Back from SDCC just in time to be bowled over by editorial notes. Looking forward to a day when this is no longer like being hit over the head with a two-by-four, but then again that might not be an actual day that comes. I may have to give up on that as yet another foolish dream of youth (youth itself, more sensible than I, quit years ago).
So yes, kind of dizzy from it all. Not much else to report beyond, still here, send chocolate.
Anybody going to San Diego Comicon? I’ve got a bookstore event and a panel. Here are the details:
Thursday, July 9th, 7pm — Barnes & Noble, 10775 Westview Parkway, San Diego — “Get Pop Cultured” panel discussion with Arwen Elys Dayton and Mariko Tamaki. Signing to follow.
Saturday, July 11th, 2-3pm — SDCC Panel Room 9, “Keep YA Weird.” Followed by group signing at table AA09
Really looking forward to it! Please do come and say hi.
Those two things are not related, I promise.
However, I wanted to let you know where I’ve been (moving across town), and Chris Squire dying was what gave me the impetus to pause in my unpacking and dash off a blog post.
If you read this blog at all regularly, you know I love YES. Well, Squire was the foundation and heart of YES, to me. Here he is being Fish-tastic.
Anyway, back to the unpacking. I’ll come up for air again soon, I promise.
This interview with Cassie Clare and Maggie Steifvater is circulating on the Twitters today, and I found it thought-provoking. Writers do indeed have kind of a peculiar relationship with readers in this day and age, and when readership crosses over into fandom it can become even more fraught.
(I know Cassie Clare is a particularly polarizing figure – I remember this from my Goodreads days – but she’s also a human being trying to juggle the conflicting demands of fame and creativity, and as such she has my interest and my sympathy.)
There have always been reclusive writers; Salinger comes to mind, but he’s hardly the only one. I totally get that impulse. Fame can be anathema to creativity, for some of us. I want to say it’s an introversion thing, but who knows. I need more data to make that claim. There’s a special kind of scrutiny reserved for writers, however; we are expected to be wise and witty at all times. For me (and I don’t believe I’m alone in this), the idea that people are watching expectantly, waiting for me to be brilliant, is death to brilliance. My wit is, in my experience, a bit like Michigan J Frog:
That is to say: busting out all over when left to its own devices, limp and croaking when a funny dance is demanded of it. I am happy to perform – I quite enjoy an audience – but it has to be in my time and on my terms.
This doesn’t mean no one should scrutinize my work or attempt to engage me. More that I can explain my own rules for the “wedding math” Stiefvater mentions: I will smile back if I have the energy to spare, if you’ve caught me at the right time, but that isn’t always the case. If I don’t engage, it has everything to do with me being self-protective of that recalcitrant singing frog. It’s nothing personal. I love you all and deeply appreciate your enthusiasm. My first duty, however, is to my health and work.
Or maybe I do. Here’s Lauri Õunapuu rocking the hell out of the Estonian zither:
Did you know a zither could do that?? Well, now you do.
So I did an interview with Lauren Zurchin at Lytherus. It’s long, but go listen if you like, and by all means enter the Shadow Scale giveaway. Thanks to Lauren for the good talk and the opportunity!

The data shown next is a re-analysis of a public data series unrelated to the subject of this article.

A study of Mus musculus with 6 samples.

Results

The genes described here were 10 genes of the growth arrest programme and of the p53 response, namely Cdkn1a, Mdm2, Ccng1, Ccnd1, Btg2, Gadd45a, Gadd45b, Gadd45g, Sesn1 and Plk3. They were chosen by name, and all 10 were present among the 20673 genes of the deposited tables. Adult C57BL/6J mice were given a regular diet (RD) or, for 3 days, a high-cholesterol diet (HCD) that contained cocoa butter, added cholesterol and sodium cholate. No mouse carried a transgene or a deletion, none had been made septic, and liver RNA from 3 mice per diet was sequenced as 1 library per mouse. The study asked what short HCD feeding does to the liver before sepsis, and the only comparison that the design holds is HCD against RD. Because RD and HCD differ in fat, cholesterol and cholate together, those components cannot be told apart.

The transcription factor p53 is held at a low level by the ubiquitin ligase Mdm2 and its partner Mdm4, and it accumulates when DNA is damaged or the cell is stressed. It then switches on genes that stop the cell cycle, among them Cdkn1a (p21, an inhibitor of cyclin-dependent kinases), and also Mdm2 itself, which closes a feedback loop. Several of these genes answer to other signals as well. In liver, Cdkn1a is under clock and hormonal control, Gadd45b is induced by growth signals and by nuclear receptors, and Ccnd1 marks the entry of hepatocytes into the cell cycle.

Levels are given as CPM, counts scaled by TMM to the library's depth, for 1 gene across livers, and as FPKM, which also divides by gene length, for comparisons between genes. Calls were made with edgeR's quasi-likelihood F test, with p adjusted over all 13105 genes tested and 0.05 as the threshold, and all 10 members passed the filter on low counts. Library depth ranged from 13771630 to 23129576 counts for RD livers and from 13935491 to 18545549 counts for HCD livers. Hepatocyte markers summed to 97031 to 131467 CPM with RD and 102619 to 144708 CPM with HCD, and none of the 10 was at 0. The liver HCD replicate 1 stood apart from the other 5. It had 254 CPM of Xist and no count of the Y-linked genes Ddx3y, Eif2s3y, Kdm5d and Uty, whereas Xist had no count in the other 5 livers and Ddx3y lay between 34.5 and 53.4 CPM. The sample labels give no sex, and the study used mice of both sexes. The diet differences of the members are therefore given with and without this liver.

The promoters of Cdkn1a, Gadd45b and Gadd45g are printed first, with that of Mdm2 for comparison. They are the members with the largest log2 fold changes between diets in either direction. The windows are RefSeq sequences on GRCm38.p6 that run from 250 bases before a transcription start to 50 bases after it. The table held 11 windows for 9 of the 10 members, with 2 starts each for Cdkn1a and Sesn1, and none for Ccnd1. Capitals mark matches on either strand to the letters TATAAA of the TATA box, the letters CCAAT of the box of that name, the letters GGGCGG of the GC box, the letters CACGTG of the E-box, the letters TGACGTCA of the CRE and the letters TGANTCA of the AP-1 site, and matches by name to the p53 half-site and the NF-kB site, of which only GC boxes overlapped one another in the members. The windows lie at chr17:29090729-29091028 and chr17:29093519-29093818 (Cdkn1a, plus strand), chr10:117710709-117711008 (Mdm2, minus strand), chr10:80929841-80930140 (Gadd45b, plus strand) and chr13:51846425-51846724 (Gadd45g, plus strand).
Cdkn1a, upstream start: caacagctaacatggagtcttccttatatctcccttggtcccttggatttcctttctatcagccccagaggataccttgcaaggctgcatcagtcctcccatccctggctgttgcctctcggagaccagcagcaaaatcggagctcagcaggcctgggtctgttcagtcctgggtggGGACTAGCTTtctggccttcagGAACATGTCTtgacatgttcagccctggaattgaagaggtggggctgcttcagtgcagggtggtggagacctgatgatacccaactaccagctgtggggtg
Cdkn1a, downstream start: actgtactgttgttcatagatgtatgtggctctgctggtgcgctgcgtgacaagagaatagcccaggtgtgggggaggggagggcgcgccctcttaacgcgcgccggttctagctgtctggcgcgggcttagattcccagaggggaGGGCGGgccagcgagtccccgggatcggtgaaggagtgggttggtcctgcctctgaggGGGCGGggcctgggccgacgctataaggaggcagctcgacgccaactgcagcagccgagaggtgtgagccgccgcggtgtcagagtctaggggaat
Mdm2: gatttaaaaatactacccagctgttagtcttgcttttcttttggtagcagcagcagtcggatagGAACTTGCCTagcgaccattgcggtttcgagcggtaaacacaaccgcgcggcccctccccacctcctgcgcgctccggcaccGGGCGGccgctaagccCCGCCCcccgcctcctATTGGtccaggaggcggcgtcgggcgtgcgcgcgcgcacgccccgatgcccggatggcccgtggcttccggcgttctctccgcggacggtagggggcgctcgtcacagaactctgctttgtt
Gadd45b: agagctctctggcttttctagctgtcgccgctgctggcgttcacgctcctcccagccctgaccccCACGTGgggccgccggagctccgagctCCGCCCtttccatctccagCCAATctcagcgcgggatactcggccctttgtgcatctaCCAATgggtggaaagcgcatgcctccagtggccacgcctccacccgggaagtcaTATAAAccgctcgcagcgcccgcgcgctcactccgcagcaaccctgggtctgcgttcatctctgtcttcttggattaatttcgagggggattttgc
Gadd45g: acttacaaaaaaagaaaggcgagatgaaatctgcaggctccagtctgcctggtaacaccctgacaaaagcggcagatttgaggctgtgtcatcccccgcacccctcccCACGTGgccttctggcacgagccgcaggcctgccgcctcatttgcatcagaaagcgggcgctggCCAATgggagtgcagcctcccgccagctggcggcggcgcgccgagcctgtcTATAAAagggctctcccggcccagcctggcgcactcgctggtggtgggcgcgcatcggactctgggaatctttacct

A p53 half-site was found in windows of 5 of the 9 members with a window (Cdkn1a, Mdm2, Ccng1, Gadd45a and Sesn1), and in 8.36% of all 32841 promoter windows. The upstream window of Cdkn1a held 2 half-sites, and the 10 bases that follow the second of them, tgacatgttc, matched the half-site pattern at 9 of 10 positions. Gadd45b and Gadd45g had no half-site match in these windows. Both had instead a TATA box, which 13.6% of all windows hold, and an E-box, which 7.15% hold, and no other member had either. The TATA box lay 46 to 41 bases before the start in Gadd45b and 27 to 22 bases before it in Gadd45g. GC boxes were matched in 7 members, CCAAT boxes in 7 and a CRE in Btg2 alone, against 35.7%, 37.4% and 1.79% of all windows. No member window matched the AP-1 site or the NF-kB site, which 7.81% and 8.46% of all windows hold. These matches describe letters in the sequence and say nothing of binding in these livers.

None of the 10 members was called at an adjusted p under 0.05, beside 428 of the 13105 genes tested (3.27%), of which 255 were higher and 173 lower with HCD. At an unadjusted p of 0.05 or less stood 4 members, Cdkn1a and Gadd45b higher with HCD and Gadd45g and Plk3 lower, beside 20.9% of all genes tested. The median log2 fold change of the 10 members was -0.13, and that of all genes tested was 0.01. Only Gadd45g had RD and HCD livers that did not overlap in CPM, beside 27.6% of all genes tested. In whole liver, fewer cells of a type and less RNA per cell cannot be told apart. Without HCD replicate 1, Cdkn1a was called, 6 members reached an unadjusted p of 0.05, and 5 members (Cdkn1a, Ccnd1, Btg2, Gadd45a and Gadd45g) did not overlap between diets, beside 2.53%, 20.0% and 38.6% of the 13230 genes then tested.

Before you watch it, I experienced a moment of intense brain-farting during this interview as I was talking about my trans friends, and I am worried that my clumsiness will make folks (real people, who matter to me) feel hurt or unloved. It was one of those times when you say something and it just doesn’t sound right, and then you flail around like the proverbial bull, knocking porcelain shepherdesses off the shelves. I am thoroughly embarrassed by it, and I’m sorry to be such a verbal klutz (there’s a reason I’m a writer and not a talker).
Here’s a little lesson in the use of the word “trans” today (as I understand it, as was outlined for me by the patient friend I turned to as soon as this interview was over, because I knew I’d screwed up). Usage is evolving, which is kind of exciting really, but it means that if you’re as old as me, and were actually alive during the time of the Roman Empire, it’s easy to get confused and stumble. Trans is not just a prefix anymore, but is becoming a stand-alone adjective. “Use it the way you would use queer,” said my friend, and that’s a useful guideline.
Because here was my brain-fart: I uttered the phrase “trans friends,” and my sad, wee brain thought “transfriends,” with trans as a prefix. It means something slightly different as a prefix, when it’s used in words like transubstantiation or trans-unsaturated fatty acids or Trans-Siberian Orchestra. As a prefix, it means “across,” and so I got absurdly snagged on the idea of how one could be an across-friend.
It may seem like I’m making a mountain out of a molehill, but 1) I really don’t want to hurt people with my bungling, 2) I really am embarrassed, in particular because I knew this and knew better, 3) the only way, in my experience, not to get hung up on words that are emotionally or politically charged is to say them more often. To practice. Alas, practice means sometimes hitting wrong notes along the way.
If you watch the video, you may find that there’s some other place I’ve dropped the ball without even noticing (we two Southern white ladies talk about diversity and PoC characters and we do our best but there’s so much potential there). Do not be afraid to let me know. This is why we came down from the trees (as another friend of mine likes to say), so we can talk and work and make things better.
First draft of the infamous Tess in Boots sent to Captain Editorpants. Now I shall sleep for a thousand years.